Works for me!
We've all spent plenty of time chasing down issues related to non-standard environments - different DBs, different containers and not to mention different OSs - there can be subtle (or not so subtle) differences that can cause us headaches. The earlier we find these differences - the better. The less permutionations of the above that we have to deal with - more the better.
Ops before apps?
Through the magic of chef, berkshelf, vagrant and jenkins, I'm going to present to you a setup for minimising the types of 'environmental' problems that you might normally run in to. I say that when starting a new project, 'operations' code should be written before any application code (importantly, I include in 'operations' the configuration of the continuous integration server).
Why? Well, because:
- operations code is going to have to be written eventually anyway;
- continuous integration for the project will have to be configured eventually; and
- we get the benefits of consistent and standardised environments for development, testing and production
All of the above are much easier to get going early in a project's life.
Note: this post and associated github project utilise git, chef, vagrant, jenkins and grails. This is in no way intended to be a tutorial on these technologies - that is what google is for.
There's a github project to go along with this post, so let's get going with it:
$ git clone https://github.com/jkburges/ops-before-apps.git $ git checkout getting_started $ vagrant up
Now, this takes a while (about half an hour on my machine). Yes, it's a long time to wait to see the magic, but hopefully it's worth it!
After the above has completed, we should have three VMs (let's hope you've got enough RAM!):
Navigate to the jenkins instance and note that there's a passing job configured for our wonderapp, 'not-another-bookshop'. Note that this VM is included only for the purposes of providing a fully self-contained demonstration. In reality you would already have a CI server (be it jenkins or otherwise) and would use that. The important thing to note about it really is that it was the provisioning of the "dev" VM that actually configured the job on jenkins (including required plugins).
This is the VM where, surprisingly, you're going to be doing all of your development work (sort of - as you already know if you've used vagrant before, the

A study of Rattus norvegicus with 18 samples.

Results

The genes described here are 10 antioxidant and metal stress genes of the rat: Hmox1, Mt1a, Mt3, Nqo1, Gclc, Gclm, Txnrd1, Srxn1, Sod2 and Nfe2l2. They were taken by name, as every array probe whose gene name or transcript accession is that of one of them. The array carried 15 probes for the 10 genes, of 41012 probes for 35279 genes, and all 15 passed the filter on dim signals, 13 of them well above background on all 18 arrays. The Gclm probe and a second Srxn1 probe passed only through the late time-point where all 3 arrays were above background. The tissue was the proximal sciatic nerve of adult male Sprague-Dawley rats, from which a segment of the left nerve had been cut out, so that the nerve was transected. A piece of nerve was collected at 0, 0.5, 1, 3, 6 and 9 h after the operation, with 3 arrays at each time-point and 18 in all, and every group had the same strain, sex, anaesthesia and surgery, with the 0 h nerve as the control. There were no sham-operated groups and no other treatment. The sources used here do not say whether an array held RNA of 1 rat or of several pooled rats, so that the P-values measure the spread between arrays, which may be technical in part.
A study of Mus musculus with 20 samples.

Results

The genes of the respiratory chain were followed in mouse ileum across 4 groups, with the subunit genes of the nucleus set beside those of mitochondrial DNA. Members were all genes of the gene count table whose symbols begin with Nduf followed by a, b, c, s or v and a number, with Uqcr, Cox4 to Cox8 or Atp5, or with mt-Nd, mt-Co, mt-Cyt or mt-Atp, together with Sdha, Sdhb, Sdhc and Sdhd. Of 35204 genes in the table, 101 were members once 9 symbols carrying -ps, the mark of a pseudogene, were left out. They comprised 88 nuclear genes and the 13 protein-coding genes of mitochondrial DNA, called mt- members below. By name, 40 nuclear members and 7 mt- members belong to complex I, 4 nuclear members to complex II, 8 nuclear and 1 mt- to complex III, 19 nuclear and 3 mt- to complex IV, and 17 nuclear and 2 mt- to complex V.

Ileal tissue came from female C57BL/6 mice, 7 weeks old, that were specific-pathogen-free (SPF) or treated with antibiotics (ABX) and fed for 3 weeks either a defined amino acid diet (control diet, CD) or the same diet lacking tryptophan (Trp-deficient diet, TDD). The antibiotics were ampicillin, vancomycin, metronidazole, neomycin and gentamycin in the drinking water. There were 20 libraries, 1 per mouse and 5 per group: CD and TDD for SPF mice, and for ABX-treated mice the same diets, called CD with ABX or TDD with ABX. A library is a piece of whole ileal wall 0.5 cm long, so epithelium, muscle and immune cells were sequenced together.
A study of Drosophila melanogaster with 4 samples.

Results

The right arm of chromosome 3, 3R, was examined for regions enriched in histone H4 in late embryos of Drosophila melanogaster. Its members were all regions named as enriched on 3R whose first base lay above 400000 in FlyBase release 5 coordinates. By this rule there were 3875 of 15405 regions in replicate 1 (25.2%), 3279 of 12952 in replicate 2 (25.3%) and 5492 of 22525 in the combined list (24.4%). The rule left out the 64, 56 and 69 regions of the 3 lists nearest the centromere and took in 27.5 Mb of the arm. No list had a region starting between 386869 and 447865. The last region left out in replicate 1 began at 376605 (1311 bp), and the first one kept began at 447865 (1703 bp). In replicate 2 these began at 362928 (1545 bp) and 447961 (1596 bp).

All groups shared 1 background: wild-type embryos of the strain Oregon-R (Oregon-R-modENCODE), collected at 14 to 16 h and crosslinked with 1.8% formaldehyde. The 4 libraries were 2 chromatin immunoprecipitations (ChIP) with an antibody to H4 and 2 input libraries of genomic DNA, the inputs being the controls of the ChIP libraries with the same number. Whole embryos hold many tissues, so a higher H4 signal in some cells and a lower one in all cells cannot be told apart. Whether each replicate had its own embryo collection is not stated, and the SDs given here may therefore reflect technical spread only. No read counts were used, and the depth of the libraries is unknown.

/vagrant directory is shared between the guest VM and the host. This allows you to code in your host OS and favourite IDE, pretty important I think to keep the developers happy).
Let's ssh in and start the grails app:
$ vagrant ssh dev $ cd /vagrant $ grails run-app
Navigate to not-another-bookshop (development) and you will see a very barebones grails app. This was created in the usual grails manner, i.e.
grails create-app not-another-bookshop , with no code having actually been written (only generated). The important thing is that we have a working dev environment and our app runs in it (in the grails development container).
Navigate to not-another-bookshop (production) and you will see very much the same thing as with dev, except that this instance is running in a production like environment. That is, the war file is being pulled from jenkins (by chef) and being deployed in an actual tomcat container. Really, we should be able to take this chef config and apply it against a real node, when the time comes.
Ok, so all we've really done here is set up a bit of infrastructure for our app. It's not rocket science. Really it's the order of doing things that is changed compared to what most people seem to do.
I think where the power of this approach really comes in is when you want to change the infrastructure that your app relies upon. For example, changing the DB to say PostgreSQL. You are going to know straight away if there are any problems (there will be). Any problems that do come up should be easier to fix now rather than later - and they will only have to be fixed once - rather than for each developer/OS combination, and then again for production.
Additionally, the development and ops teams will be on the same page from the get-go as to what your application's stack looks like, which can only be a good thing.
But what I'm really interested in are what other people's thoughts are on this approach - do you agree or disagree with me?